American entrepreneurship is apparently on the decline, according to a recent article from FiveThirtyEight, but small business owners report consistently high levels of satisfaction with their choices despite the financial difficulties that they have faced.
“Americans started 27 percent fewer businesses in 2011 than they did five years earlier, according to data from the Census Bureau,” writes Ben Casselman on FiveThirtyEight. As a share of all companies, startups have been declining for more than 30 years.”
Decline in new businesses seems to track aging baby boomers
For some reason, Cassleman briefly mentions and then ignores one of the most obvious reasons why this thirty year trend might be happening. Young adults are more likely to start new businesses than older people, so the baby boomers would have caused a bulge in new business creation a few decades back that would slowly fall as demographics change. That’s roughly what we see, so it seems like an avenue worth exploring before declaring the death of entrepreneurship, with the change in national character that it implies.
The sharp drop off in new businesses after the financial crisis is even less surprising. Financing was extremely tight, and there’s no telling how many people with business plans that would have been reasonable any other time in the last few decades were turned away as banks deleveraged and lending nearly fell off a cliff. The inflection point in 2010 could be a sign of growing business creation, supported by the more recent Bureau of Labor Statistics data that shows growing entrepreneurship in 2012 and 2013, which Casselman also mentions in passing.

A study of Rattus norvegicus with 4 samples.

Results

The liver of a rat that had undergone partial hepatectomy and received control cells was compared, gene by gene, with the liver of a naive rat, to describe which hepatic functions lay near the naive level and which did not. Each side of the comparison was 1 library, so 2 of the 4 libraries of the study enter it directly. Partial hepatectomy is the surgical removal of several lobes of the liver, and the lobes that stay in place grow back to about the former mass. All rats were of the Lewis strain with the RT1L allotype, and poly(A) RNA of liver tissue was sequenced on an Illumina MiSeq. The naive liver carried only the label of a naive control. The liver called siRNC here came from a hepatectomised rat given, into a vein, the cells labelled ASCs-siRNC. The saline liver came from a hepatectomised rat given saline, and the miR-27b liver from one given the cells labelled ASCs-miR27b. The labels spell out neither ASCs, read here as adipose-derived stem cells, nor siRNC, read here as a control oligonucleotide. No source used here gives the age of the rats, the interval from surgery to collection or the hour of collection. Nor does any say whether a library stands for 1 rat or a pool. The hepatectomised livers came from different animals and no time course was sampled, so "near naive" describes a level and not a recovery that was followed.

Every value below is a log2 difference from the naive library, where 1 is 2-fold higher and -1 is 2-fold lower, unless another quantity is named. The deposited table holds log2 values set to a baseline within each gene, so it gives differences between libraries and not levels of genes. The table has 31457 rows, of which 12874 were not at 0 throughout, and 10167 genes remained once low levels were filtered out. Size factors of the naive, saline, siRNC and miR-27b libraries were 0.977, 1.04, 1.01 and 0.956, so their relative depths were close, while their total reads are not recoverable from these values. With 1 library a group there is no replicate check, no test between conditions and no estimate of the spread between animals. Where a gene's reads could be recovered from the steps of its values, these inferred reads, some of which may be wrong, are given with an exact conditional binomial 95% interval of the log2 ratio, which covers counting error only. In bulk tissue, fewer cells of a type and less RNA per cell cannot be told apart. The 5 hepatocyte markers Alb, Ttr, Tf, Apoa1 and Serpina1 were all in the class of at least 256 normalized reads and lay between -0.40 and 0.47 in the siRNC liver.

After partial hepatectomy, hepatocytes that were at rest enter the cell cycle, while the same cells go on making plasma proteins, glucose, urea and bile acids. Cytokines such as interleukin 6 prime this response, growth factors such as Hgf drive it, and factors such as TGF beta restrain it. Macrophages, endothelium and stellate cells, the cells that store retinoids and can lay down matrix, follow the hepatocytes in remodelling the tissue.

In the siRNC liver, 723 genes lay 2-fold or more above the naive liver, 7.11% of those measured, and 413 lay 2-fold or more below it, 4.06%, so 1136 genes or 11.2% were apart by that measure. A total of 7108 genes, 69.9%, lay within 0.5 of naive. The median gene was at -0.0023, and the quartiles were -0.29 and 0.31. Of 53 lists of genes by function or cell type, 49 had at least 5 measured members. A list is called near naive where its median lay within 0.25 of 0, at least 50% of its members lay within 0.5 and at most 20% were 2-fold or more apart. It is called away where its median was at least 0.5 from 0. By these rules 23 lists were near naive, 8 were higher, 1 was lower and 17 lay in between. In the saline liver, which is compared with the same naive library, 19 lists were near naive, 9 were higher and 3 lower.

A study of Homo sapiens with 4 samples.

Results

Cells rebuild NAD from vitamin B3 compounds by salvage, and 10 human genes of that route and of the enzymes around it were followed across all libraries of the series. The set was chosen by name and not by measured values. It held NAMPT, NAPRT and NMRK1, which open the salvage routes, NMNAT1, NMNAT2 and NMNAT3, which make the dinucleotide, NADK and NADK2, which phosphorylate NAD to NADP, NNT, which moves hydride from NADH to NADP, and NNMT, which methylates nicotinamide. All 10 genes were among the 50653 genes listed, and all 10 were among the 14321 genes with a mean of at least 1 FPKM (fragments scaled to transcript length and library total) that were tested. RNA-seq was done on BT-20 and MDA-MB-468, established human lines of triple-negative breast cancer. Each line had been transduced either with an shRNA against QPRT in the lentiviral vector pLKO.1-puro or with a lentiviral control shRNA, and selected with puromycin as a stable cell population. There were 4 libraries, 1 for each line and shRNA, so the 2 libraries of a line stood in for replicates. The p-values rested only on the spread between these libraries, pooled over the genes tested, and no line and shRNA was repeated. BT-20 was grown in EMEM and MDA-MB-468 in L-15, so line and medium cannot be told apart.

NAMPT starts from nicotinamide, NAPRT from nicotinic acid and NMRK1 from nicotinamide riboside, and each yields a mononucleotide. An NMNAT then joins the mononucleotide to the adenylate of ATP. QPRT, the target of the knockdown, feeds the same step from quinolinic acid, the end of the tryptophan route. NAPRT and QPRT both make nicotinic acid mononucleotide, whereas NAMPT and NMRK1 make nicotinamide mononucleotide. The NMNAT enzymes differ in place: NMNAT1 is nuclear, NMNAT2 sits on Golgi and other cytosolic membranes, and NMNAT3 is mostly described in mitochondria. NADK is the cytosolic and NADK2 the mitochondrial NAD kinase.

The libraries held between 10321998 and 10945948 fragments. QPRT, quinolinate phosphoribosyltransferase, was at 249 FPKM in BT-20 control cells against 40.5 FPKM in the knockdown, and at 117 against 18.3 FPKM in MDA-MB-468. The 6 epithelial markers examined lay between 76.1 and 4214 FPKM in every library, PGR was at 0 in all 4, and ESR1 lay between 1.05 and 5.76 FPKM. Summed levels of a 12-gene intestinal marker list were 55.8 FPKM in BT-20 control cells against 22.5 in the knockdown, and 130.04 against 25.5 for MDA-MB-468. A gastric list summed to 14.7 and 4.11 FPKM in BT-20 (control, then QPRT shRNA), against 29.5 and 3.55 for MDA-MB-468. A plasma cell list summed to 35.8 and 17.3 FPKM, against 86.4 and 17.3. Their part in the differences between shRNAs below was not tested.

Entrepreneurship: 84% of small business owners would do it again
Whatever the real story behind American business dynamism, a large majority of people who run their own businesses would do it again if given the chance, according to a recent Wells Fargo/Gallup poll, as they have for the last decade with striking consistency.
No surprise, 42% of small business owners said their biggest perk was the independence that comes with owning a company, followed by 17% who mentioned a sense of accomplishment. Financial rewards came in fifth behind flexible schedules and interacting with customers. The biggest problems facing small business owners were all financial with generating revenue, managing cash flow, and credit financing taking the top three slots followed by government regulations and marketing.